Supporting Local Indigenous Communities

When accessing the Great Barrier Reef Marine Park for your tourism operation, you are likely to be visiting the 'sea country' of one or more Traditional Owner groups. Each of these groups have continuing connections with the Great Barrier Reef and hold a range of deeply valued cultural, spiritual, economic and social heritage values for their land and sea country.

There are some special management arrangements that recognise the ongoing connection of Traditional Owners to their 'sea country' and their traditional activities in the Marine Park. Traditional Owners also have a native title right to conduct their traditional activities.

By following some easy first steps you can potentially enhance your operation and help local Indigenous communities. You may be able to receive appropriate cultural advice about the area, offer a new dimension in your tourism product, employ local Indigenous people, develop joint business ventures or collaborate in conservation activities.

Engaging with Traditional Owners may also be an opportunity for you to receive correct information and cultural stories for your interpretative programs and employ Indigenous people to deliver them. Surveys show that international visitors are very interested in learning about Aboriginal and Torres Strait Islander cultures as part of their overall experience.

You may also be able to assist in the assessment of a permit application by working with relevant Traditional Owners, discussing and exploring any issues and providing a joint analysis to the Great Barrier Reef Marine Park Authority.

Responsible Reef Practices

Making a start

  • Learn about local Indigenous communities and their connections to the Marine Park and its surrounds.
  • Make sure that you talk to the appropriate people. For each area of 'sea country', it is the Traditional Owners who have the right to speak for that area. As a first step, contact the local Native Title Representative Body to help identify the correct people for you to meet.

In your operation

  • Explore ways that both your operation and Indigenous people can benefit from Indigenous connections to the Marine Park (both commercially and culturally).
  • Conduct your activities in culturally sensitive areas with appropriate permission, consideration, respect and preferably involvement of the Traditional Owners claimants.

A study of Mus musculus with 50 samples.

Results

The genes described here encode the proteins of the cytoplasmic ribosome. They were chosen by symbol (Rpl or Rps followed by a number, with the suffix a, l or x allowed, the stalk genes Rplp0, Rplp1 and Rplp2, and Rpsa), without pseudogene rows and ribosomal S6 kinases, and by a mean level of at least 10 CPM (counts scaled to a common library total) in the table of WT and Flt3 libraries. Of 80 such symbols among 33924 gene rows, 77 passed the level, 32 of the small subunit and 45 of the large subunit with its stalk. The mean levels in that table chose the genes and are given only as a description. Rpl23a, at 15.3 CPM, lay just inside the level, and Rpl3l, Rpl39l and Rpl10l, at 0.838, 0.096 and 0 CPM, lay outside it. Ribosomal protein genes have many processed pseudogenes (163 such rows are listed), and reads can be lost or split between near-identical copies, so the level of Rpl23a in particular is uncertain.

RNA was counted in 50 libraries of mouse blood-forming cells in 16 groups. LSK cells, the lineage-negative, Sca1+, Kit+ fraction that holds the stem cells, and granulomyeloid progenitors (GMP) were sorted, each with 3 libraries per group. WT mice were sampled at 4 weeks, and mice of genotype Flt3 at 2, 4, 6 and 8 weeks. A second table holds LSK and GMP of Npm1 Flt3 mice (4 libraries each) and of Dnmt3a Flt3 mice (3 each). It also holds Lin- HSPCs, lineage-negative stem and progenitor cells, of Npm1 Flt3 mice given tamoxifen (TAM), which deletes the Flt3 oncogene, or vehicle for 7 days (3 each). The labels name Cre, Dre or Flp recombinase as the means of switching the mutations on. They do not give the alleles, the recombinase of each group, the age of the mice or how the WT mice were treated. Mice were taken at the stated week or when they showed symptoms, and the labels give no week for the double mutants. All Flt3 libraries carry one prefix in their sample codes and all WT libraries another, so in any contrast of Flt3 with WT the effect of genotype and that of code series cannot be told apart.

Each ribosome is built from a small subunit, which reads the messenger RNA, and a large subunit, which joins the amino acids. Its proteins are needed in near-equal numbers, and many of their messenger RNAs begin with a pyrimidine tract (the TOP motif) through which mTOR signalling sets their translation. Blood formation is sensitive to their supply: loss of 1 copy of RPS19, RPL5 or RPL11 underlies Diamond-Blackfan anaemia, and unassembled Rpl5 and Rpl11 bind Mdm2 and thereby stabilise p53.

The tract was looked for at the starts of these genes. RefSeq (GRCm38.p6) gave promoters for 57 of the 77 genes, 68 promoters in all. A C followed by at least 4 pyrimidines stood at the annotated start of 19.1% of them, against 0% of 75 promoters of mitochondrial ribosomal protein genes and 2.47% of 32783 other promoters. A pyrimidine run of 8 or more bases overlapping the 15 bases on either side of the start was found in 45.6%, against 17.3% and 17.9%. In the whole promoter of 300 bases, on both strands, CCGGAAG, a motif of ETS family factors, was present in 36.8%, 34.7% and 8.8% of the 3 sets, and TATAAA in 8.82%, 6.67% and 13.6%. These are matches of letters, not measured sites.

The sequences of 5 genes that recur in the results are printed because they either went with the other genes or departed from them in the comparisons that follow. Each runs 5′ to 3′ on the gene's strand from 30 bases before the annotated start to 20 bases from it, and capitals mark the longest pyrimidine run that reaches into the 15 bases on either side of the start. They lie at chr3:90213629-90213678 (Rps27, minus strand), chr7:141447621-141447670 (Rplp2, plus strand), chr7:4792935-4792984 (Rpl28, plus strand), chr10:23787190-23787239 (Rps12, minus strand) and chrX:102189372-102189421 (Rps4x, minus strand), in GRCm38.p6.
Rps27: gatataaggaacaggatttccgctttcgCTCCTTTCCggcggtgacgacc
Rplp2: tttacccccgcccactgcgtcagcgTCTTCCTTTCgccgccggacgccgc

• Train your staff to respect and show sensitivity to Indigenous culture and heritage.
  • Employ local Indigenous staff and support them to develop tourism business management skills.
  • Ensure you have certificates of authenticity for any Indigenous arts and crafts sold from your business.

Interpreting Indigenous culture

  • Involve Traditional Owners in developing interpretive material, wherever possible. Only tell Indigenous stories with permission from Traditional Owners.
  • Explore ways for Indigenous interpretative material to be delivered by Indigenous people.
  • Advise your clients about the cultural significance of certain areas, if given permission to do so by the Traditional Owners.
  • Be aware that some cultural information is confidential within a Traditional Owner group. Make sure you check with the group and maybe confirm in writing, what information can be made public or included in educational material and what is confidential.

In meetings

  • Before seeking a meeting, take advice from the Native Title Representative Body, the Great Barrier Reef Marine Park Authority's Indigenous Partnerships Group, Queensland Parks and Wildlife Service or contacts in a particular Indigenous community.
  • Talk to the advisors about: why you want to meet, meeting timing and format, venues, seating arrangements, who should attend, how decisions are made in the community, gender matters, eye contact, literacy and communication levels, safety, transport, photos, record keeping and catering.
  • Try to use people from your business who are decision makers so that, if necessary, commitments can be made on the spot.
  • Aim for continuity in who meets with a community. As with any communication, relationships, understanding and trust are important ingredients to success.
  • At your first meeting, ask if there are any special protocols that you should follow during the meetings and explain any protocols that relate to your culture or business.
  • Provide a detailed, written description of your proposal, outlining your goals for both your business and the Traditional Owners, and clearly spelling out what would be required from them and what benefits they would receive in return.
  • Keep records of issues discussed.
  • Consider offering a familiarisation trip on your operation. Most Indigenous people have never been tourists so they may not understand the concepts you are presenting. A trip may help them understand your proposal, the way tourism works and how they might be involved.
  • Be flexible about decision-making processes and timeframes. Decisions in Indigenous communities are generally made differently to the business office - usually based on consensus and made outside of formal meetings.
  • Continue to keep the lines of communication open as a mark of respect, even after you have concluded a particular project.